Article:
Hovey Lake is believed to have formed over 500 years ago when the Ohio River changed its course. An ongoing archeological excavation shows that a population of Mississippian-culture native Americans lived in several villages along Hovey Lake's shore prior to 1650 A.D. When the first European explorers arrived, the Caborn-Wellborn people had disappeared, leaving few signs of their lives and lifestyles. Since that time, dikes have been built along parts of the shoreline to protect nearby farm fields from flooding. These combine with natural sand ridges formed by the Ohio River to limit the lake's area. The nearby John T Myers Lock and Dam on the Ohio River also serves to control lake levels somewhat, although not directly. Hovey Lake is a variable shallow lake studded with bald cypress and home to a variety of fish, including crappie, channel catfish, blue catfish, largemouth bass, flathead catfish, sauger, sunfish and white bass.
A Department of Fish and Wildlife boat ramp is provided, and shore fishing is permitted on the west side of the lake only. Boats are limited to 10 mph at all times, and fishing and boating are prohibited during fall and winter. A second boat launch site within the Hovey Fish and Wildlife Area allows access to the Ohio River. Camping, swimming and fires are not permitted at any time. Designated areas for picnicking are provided, and plenty of parking areas permit nature lovers to walk through the hardwoods to the lake, marshes and other nearby small ponds and sloughs. Bird watching is popular, with the yellow-crowned night heron a special treat to observe as they nest in the area. The bird observation area is frequently the destination for local Audubon clubs, with seasonal migration bringing a large variety of waterfowl to the waters.
Photographers enjoy the opportunity to photograph the eerie silhouettes of cypress trees piercing the lake's surface. All types of wildlife inhabit the natural area, including deer, fox, coyote, raccoon, squirrel, rabbit and other game and non-game species. The Hovey Lake area is popular for hunting during the season with appropriate hunting license. A check-in with Fish and Wildlife personnel at the headquarters on Raben Road will clarify available hunting areas.
Hovey Lake is an area of untamed nature. The riverbend area is primarily swamp, interspersed by small farm fields and stands of hardwoods. A second natural location a couple of miles away is the Twin Swamps Nature Preserve. Managed by the Indiana Department of Natural Resources-Division of Nature Preserves, Twin Swamps allows nature lovers the ability to get up close with a variety of ecology niches via the use of boardwalk walkways. The nature preserve officially protects one of the few remaining areas of bald cypress in southern Indiana, and an area of wildflowers showcases the Virginia bluebell seldom seen in this area. Here, too, bird watching is a favorite pastime, with bird observation decks overlooking particularly productive areas. As with Hovey Lake, the trails can often be waterlogged or flooded, so well-prepared and determined nature observers will come equipped with waders or tall rubber boots. Unfortunately, this makes the boardwalks unfriendly to wheelchair users, but physically-fit nature fans will treasure this special environment.
The nearest town of any size is Mt. Vernon, about 15 miles to the northeast. Evansville, Indiana is another 15 miles beyond Mt Vernon. There are no lodging or camping facilities in the immediate area, so a trip to Hovey Lake or Twin Swamps is usually a day-trip or part of a larger tour of the historic and scenic southern Indiana area. Evansville is home to a number of museums that will delight every member of the family. The Koch Family Children's Museum of Evansville provides three floors of educational fun for children, while the Evansville Museum Transportation Center will give a historical perspective to this long-time river town. The Evansville Museum of Arts, History & Science offers everything the name indicates, with art and cultural objects from around the world amid an ever-changing series of traveling exhibits. Music fans won't want to miss the International Bluegrass Music Museum, located an hour south in Owensville, KY. And closer to Hovey Lake, Angel Mounds State Historic Site holds a number of walking trails around the mounds themselves. The earthworks of Angel Mounds were likely constructed by the same people who later settled at Hovey Lake. The archeological project begun by the WPA during the Depression continues today under the guidance of the Indiana University at Evansville.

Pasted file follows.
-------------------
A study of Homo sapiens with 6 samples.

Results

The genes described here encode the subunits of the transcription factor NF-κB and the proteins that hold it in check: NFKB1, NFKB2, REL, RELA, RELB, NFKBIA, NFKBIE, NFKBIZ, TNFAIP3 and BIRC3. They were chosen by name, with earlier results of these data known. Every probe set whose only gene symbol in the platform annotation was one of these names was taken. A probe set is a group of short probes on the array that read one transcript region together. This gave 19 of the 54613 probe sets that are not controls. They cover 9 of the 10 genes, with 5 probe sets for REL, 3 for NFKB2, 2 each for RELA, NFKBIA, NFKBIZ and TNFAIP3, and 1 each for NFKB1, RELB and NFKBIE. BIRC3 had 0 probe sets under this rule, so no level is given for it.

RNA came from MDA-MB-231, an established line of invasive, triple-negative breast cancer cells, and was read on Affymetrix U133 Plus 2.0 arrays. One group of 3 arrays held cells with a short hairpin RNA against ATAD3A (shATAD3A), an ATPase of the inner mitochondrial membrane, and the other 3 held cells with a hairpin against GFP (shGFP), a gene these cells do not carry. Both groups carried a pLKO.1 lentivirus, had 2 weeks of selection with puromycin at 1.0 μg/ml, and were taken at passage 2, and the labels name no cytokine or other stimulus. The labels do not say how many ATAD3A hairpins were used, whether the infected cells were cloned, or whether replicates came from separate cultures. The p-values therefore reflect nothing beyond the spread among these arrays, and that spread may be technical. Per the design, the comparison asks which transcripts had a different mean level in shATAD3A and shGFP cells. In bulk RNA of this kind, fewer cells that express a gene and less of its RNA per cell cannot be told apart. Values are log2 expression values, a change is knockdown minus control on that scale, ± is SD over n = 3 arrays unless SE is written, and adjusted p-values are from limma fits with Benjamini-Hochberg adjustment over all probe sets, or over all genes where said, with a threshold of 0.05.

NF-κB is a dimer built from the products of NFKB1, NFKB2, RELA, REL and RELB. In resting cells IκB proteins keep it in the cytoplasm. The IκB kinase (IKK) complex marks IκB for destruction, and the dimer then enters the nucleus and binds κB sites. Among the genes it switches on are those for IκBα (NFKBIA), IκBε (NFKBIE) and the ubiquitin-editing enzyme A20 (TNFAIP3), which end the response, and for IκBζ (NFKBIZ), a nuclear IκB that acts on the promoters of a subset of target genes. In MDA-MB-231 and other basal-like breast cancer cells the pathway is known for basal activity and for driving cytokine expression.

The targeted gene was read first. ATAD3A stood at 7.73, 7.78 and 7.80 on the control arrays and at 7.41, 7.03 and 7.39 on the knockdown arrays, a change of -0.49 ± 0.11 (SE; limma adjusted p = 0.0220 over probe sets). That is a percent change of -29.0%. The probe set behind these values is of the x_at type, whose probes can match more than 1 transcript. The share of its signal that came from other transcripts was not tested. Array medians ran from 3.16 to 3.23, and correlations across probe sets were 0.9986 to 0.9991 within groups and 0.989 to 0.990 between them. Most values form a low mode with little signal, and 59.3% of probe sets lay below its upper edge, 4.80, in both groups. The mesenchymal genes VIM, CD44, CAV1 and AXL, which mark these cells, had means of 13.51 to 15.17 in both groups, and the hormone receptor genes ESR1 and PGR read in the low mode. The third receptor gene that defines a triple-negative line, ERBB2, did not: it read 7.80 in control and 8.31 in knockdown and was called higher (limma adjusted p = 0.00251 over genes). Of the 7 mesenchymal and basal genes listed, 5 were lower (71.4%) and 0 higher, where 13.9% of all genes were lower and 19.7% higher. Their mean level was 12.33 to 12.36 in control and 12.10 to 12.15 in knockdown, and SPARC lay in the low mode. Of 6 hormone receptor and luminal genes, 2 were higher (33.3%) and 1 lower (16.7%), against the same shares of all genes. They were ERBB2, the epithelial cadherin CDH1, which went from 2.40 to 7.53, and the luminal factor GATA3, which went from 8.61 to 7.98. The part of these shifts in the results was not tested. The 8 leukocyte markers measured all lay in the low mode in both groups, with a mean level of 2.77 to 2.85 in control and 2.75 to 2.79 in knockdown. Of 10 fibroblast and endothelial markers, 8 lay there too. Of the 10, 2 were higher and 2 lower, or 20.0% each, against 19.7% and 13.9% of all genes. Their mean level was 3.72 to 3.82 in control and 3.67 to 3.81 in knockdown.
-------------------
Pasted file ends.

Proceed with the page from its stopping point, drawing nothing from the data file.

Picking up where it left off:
Evansville's status as a university town guarantees a vibrant entertainment culture with plenty of restaurants, shopping and theaters and clubs. A wide variety of lodgings is available, with major chain hotels, small motels and short-term rentals plentiful. The area along the Ohio River provides the perfect backdrop for quaint bed & breakfasts, small inns and guest stays. Several commercial campgrounds are available in the surrounding area, many with RV facilities. Mt. Vernon also offers lodgings, including hotels and motels. Restaurants and cafes are also plentiful in the area, including every fast food facility that catches a child's eye. In the midst of it all is beautiful and unusually serene Hovey Lake. Come and experience Indiana's bayou country up close and personal. It's not quite like anything you've ever experienced. Come prepared for wet and muddy trails-and bring the fishing tackle.
* Few statistics are available for Hovey Lake, due to its variable nature.